Activism in Northborough: Tanikella helps pass plastic, polystyrene bylaws


Carter Brannon

Sophomore Sravya Tanikella gives a presentation on plastic bags and polystyrene at the Northborough Annual Town Meeting on April 23. The bylaws she helped propose passed with overwhelming support.

Carter Brannon, Staff Writer

Sophomore Sravya Tanikella, with the help of other members of the Interact Club, helped pass two new bylaws to reduce plastic bags and polystyrene in Northborough at the Annual Town Meeting on April 23.

At Town Meeting, Tanikella gave a slideshow presentation with Northborough resident Jeanne Cahill to explain the proposed bylaw and why it is needed.  

“We’re not just talking about some mock trial or some mock debate that’s fake…” Tanikella said. “I feel like I understood that this was the real deal, and the emotion felt a lot more real.”

Effective January 1, 2020, retail stores in Northborough will no longer be allowed to issue plastic checkout bags (four mils thick or less), nor may businesses issue take out containers or drink cups made from expanded polystyrene.

Although Tankella is now dedicated to making a positive impact, she was not always passionate about the environment.

“There was definitely a shift from me not caring about the environment to now,” Tanikella said. “When I see a plastic bag, my heart aches.”

Tanikella credits her return to Northborough after living in India for four years as an eye-opening experience.

“I lived in India, and India is full of litter everywhere,” Tanikella said. “I’d see someone drop an empty chips bag on the ground, just drop it and move on with their lives… and that was common. I didn’t judge it. I was like,‘That’s okay. That’s life’. I was young, I didn’t get it.”

When Tanikella moved back to the United States after living in India, she noticed a change in people’s environmental consciousness, sparking her current activism.

“When I came back [to America], I saw there’s no pollution in the sky; you can see the blue sky,” Tanikella said. “In India, it was just grey all the time…The whole demographic change was a lot for me, and that’s probably what made me realize [the importance of the environment] the most.”

Tanikella notes people in Massachusetts seem to be more aware of problems than much of the rest of the world. Ninety-seven Massachusetts towns have banned plastic bags before Northborough.

Before Town Meeting, Tanikella had to go to Board of Selectmen’s meetings, gather signatures and write the bylaws, which she described as a “painful process.” She and members of the Interact Club contacted Northborough businesses to explain what was happening.

“We spent hours and days trying to reach out to everyone; we had flyers, and we tried to talk to them,” Tanikella said.

Smaller businesses tended to have more concerns about the proposal than larger ones.

“The retail stores up on on the hill at Northborough Crossing were fine; they were all good [with the proposed bylaws],” Tanikella said. “But a lot of local businesses were like, ‘You know, we’re just barely making it, and for us to not be able to use plastic or styrofoam would really just eliminate our cost savings and the way we’ve been operating for the last however many years.’ We [tried] to tell them this whole ‘use and throw’ culture, this whole taking something and using it for a little while and throwing it away, that needs to stop because it can’t go on forever.”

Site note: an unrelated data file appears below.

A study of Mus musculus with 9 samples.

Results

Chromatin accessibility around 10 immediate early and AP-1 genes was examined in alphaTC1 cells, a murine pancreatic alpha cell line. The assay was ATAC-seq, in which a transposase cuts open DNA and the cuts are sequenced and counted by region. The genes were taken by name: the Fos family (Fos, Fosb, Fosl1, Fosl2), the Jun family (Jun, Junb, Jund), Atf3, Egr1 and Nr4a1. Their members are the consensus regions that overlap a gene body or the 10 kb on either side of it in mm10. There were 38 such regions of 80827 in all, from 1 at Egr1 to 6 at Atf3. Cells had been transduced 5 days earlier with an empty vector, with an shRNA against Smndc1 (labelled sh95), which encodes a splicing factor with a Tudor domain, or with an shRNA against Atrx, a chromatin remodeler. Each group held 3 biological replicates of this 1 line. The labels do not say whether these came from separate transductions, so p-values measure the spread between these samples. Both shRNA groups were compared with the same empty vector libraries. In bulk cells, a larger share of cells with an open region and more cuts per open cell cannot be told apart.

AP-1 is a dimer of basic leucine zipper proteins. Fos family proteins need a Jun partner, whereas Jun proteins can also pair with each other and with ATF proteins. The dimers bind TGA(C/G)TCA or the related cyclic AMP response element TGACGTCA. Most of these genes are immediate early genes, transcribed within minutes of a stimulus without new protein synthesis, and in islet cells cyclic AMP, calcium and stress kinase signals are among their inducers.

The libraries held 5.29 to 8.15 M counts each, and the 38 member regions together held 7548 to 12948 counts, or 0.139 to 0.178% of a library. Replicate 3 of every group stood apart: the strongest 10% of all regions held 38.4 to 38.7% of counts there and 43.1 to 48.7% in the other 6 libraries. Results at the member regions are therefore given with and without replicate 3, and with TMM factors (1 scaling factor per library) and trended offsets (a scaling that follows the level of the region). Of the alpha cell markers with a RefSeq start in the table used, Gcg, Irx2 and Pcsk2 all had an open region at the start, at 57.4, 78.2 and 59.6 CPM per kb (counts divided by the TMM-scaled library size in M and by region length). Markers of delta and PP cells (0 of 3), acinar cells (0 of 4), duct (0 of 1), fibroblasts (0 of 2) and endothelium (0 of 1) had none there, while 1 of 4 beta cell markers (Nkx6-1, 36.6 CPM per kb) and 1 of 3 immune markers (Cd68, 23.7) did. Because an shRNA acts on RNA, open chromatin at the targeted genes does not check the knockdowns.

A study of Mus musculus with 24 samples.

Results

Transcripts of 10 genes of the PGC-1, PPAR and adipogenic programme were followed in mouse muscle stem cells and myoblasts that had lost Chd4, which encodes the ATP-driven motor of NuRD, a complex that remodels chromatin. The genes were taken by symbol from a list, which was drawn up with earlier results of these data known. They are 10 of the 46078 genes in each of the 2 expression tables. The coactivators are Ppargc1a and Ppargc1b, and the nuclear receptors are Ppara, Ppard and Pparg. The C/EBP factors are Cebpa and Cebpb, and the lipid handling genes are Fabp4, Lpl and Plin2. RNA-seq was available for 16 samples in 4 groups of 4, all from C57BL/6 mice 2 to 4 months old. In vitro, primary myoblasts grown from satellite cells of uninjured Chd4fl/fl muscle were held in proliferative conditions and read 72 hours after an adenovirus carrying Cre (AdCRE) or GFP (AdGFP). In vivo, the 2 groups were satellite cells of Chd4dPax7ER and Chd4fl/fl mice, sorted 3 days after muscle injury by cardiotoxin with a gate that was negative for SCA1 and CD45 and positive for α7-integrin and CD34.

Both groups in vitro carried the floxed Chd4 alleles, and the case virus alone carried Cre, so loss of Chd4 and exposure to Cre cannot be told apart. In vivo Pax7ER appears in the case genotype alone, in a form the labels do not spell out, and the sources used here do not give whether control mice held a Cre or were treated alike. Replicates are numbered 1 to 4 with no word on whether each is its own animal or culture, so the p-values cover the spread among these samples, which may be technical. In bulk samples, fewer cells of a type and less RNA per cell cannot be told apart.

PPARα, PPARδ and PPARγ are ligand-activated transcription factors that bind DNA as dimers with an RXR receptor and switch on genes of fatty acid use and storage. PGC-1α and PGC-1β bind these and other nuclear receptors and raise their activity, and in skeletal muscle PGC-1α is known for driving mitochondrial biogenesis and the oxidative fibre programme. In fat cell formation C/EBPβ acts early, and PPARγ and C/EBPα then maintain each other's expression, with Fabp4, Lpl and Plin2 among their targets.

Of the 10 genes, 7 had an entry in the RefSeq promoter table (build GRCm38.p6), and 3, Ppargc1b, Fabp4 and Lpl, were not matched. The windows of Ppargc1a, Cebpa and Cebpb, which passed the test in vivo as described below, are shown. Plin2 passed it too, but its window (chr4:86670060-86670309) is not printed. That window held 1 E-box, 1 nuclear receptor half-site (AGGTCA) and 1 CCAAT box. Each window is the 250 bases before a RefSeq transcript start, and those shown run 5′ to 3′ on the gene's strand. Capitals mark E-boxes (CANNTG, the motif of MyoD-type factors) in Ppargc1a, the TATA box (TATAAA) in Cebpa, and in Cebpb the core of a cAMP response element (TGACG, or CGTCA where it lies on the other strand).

The plastic bag reduction bylaw was a contentious topic at Town Meeting. Bylaw Committee members and Northborough residents raised concerns about the usefulness of plastic bags, whether the materials are to blame for the problems or if the act of littering is, and the wording of the bylaw, especially the presence of a severability clause, which allows valid parts of the bylaw to remain in effect if some parts are found to be invalid.

“All of that opposition, all of that emotion builds up to the day of Town Meeting,” Tanikella said.

She noted that during her slideshow presentation she worried that the measure would be voted down.

“Someone could just stand up, make a good point and everyone votes in opposition,” Tanikella said. “Then we’d have to work through this whole one year process over again. I’m not scared of working; I’m just scared about this whole neverending cycle of people not understanding the impacts.”

Voters overwhelmingly supported the articles, with both articles clearly passing with the required two-thirds majority. Tanikella was very happy with the success.

“Town Meeting really showed me that everyone understood what was going on, everyone felt it, and they were willing to let our town go through change,” Tanikella said.

No further discussion was held on the polystyrene reduction bylaw after the approval of the plastic bag reduction bylaw.

Despite her ultimate success, she was disappointed with the limits placed on her as a non-voting minor.

“I think in school we’re so encouraged to speak out for each other, speak up for ourselves, speak up for others, but once you get to the real world, I can’t speak up,” Tanikella said. “I’m the one who started up all of these petitions and all this, but I couldn’t propose it because I’m not a citizen. I had to propose it in someone else’s name. I did my own presentation, [but] I wasn’t allowed to answer any of the questions because I’m a minor, even though I knew the answer to all those questions.”

“There’s a lot of bright voices at Algonquin, and it’s a shame that they can’t speak,” Tanikella said. “It’s not that they don’t have the ability to, they’re not allowed to.”

Overall, Tanikella found her experience at Town Meeting to be informative and a good way to expose herself to the real world.

“You see the real world at Town Meeting,” Tanikella said. “It’s really an eye-opening experience. It’s interesting to see how much change can happen in a few hours, how much time and effort go in to keeping a town safe.”